July 7, 2011
With Reading's first friendly a matter of days away, it's always a great chance to see how the squad is shaping up for the season ahead (and of course, pass the hours slightly faster until we kick off for real on August 6th). But somehow, pre-season seems to have lost some of the magical aura it used to command...
As a kid, my dad and I used to try and make it to as many friendlies as possible, home or away. It was a great day out – good atmosphere, opportunity to see the whole squad get a run-out, and of course a chance visit those places we wouldn’t get to experience in the league that season. Falling in the summer, it also meant that you could make the trip into a weekend stay, taking in the sights of the town, heading to the game, then coasting back at your leisure. One in particular stands out to me – in 2000, at Torquay, 9 years old, at one of Martin Allen’s first games as assistant to Pards. I was watching the game from the front row of the stand when he spotted me and asked if I wanted to join him in the dugout. Two minutes later, I was sitting on the bench next to my heroes, experiencing the match from a once-in-a-lifetime perspective, just as the players and manager do for 50 games a season. I’m sure half of it was "Mad Dog" living up to his name, but it ensured the team’s place in my heart for the rest of my life – I’ll never get another opportunity like that again.
Of course, the other thrill was finding out which Premier League side we would get to the Mad Stad to test our mettle against before kicking off the season. In 2005, we battled away against Tottenham, going down 2-0 (hitting the post twice and having a goal ruled out for offside in the process). 2009 instead saw us go 2-0 up against another quality top flight side - Chelsea making the short trip down the M4 - before conceding twice in the last few minutes to draw 2-2.
But the last two seasons have (relatively) disappointed with these “showpiece” games. 2010 served up a midweek clash with Wolves which the Royals won 2-1 – but only 6,628 turned up for the match. This year, there’s no home friendly at all; instead, you’ll have to travel to Swindon, Bristol Rovers or Northampton Town (the first two relegated from League One last season, the latter finishing midtable in League Two) to catch a glimpse of the Royals before the home opener against Millwall. The club have admitted that due to our involvement in the play-off final it was more difficult to arrange a last-minute Premier League friendly, but to not have any home match before the 6th of August seems a shame to me. I also think that a test against a good League One opponent would also have been beneficial – whilst traditionally you don’t play against teams from the same league, sides from one division lower, especially those likely to challenge for promotion this time around, would surely pose a test most akin to that we’re going to face this year.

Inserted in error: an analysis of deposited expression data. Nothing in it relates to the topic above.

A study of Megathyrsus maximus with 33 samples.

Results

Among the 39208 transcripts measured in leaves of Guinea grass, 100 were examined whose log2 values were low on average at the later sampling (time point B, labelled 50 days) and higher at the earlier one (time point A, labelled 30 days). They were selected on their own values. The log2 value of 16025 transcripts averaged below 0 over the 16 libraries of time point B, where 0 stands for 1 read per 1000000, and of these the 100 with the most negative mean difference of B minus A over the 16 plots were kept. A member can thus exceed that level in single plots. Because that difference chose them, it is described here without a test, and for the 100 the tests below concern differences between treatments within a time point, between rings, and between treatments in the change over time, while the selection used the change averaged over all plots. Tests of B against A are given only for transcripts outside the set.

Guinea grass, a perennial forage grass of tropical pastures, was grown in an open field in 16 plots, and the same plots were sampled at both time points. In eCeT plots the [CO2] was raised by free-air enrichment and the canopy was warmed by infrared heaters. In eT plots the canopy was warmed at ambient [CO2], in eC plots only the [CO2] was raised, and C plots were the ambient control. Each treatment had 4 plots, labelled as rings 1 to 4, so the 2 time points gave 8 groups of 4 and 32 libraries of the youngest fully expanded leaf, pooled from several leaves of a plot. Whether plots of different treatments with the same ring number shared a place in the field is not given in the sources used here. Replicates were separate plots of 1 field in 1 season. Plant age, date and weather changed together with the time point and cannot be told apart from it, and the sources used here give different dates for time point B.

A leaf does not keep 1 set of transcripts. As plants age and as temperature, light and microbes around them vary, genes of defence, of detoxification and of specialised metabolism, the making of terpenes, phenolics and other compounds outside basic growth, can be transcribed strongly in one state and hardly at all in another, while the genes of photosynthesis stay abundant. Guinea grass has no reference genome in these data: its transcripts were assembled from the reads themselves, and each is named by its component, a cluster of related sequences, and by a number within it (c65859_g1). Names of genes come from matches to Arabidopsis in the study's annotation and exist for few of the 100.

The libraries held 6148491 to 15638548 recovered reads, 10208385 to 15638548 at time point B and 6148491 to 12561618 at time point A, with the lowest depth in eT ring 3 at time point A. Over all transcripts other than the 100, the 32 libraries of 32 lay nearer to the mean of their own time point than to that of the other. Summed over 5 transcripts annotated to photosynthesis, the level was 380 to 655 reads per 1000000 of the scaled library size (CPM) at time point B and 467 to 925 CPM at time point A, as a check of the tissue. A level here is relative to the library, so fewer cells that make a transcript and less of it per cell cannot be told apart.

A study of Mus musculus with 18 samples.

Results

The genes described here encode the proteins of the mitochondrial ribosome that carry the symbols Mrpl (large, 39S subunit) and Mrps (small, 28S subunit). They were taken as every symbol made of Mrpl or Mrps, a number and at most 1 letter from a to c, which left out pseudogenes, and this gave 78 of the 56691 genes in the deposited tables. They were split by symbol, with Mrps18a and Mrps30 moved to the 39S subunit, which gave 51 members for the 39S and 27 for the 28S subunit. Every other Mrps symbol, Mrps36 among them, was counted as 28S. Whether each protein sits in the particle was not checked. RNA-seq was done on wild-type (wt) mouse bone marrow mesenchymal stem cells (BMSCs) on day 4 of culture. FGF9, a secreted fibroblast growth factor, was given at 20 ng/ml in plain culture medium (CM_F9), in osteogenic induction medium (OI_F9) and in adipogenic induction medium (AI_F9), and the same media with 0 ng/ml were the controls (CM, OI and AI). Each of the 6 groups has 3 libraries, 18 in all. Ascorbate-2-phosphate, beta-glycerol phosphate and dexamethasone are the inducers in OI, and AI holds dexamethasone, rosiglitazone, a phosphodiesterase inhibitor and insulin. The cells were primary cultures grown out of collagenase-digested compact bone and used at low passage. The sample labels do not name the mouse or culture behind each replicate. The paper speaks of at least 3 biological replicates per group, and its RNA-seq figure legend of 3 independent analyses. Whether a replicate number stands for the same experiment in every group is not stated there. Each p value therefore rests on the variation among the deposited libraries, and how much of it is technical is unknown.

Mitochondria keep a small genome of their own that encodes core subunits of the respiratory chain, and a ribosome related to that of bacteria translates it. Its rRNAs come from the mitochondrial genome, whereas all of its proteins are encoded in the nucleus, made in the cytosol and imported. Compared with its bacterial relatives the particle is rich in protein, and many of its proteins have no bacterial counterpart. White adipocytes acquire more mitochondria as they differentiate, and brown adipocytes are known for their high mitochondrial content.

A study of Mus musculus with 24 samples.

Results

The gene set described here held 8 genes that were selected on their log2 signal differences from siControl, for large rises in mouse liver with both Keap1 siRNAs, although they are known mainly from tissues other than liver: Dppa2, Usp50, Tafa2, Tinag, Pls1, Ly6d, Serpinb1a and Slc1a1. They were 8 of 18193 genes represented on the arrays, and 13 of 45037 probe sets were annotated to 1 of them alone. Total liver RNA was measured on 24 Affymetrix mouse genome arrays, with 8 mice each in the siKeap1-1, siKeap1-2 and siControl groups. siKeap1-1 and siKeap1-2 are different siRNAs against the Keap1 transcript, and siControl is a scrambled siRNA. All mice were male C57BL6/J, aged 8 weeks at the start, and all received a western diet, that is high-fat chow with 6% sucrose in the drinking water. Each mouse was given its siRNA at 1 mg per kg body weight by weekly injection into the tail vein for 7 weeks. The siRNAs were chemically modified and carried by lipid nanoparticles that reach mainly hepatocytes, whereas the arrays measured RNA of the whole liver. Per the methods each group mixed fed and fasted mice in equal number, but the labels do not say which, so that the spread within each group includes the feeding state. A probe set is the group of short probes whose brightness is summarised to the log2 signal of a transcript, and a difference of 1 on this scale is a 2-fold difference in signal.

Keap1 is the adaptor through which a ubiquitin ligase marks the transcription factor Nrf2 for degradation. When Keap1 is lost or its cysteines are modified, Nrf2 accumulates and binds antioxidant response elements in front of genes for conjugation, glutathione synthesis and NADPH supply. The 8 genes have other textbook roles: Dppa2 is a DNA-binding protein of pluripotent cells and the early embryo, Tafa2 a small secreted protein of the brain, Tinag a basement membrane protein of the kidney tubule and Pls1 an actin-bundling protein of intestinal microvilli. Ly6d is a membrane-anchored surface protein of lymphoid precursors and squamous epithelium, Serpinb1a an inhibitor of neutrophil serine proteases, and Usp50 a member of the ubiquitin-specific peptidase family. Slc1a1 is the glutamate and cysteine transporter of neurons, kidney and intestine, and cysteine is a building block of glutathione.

Reading have also announced two sets of friendlies to be played by two separate sides – the first-teamers will head out to Slovenia as has happened the previous few years, whilst the reserves/youth team will travel to non-league grounds in order to get their match practice. I guess it’s just a sign of the times that the club can afford to ship their better players out to Europe to test themselves away from the distractions of England, but again it’s a move which distances the first-team squad from the casual fan, unless you fancy shelling out for flights and hotels to see matches which are still to be confirmed officially. And the fact that these players will be hundreds of miles away means that only the most hardcore Royals fans will want to see the youth team take on Swindon Supermarine on a Tuesday night. On another note, it’s interesting to see that we’re facing Eastleigh and Swindon Town this pre-season, two clubs from whom we bought players in January (Brett Williams and Sean Morrison respectively), and I’d be confident in saying these two were contractual. So whilst these two aren't friendlies I'm disappointed we've booked - far from it, a short trip to Swindon should be well within most fans' sights - there is more than just match practice now tied up in these games.
I suppose it’s a sign of Reading’s success in the past few years that I can write a blog post complaining about matches before the season has even started! For me though, the magic does seem to have been taken out of pre-season in the past few years. In previous campaigns, the final home friendly (and the matches beforehand) would be the chance to see the team in action preparing for the new season, catch a glimpse of those new players brought in to – hopefully - bring promotion, and of course marvel at the players from the league we compete to play in each season. The lack of this spectacle in 2011 takes away a valuable part of traditional pre-season preparation. It also potentially reduces the number of “casual” fans – watch Reading put in a decent performance against (to pick reasonably realistic Premier opposition) Fulham or Aston Villa, and a parent may be tempted to bring the kids along again next week when the support really matters at home to Millwall. But the calibre of the squad and the opposition these days requires that the pre-season is focussed more on the squad and less on the fan. Every pre-season now is geared towards ensuring that we face not one but nineteen Premier League sides at the Madejski each year.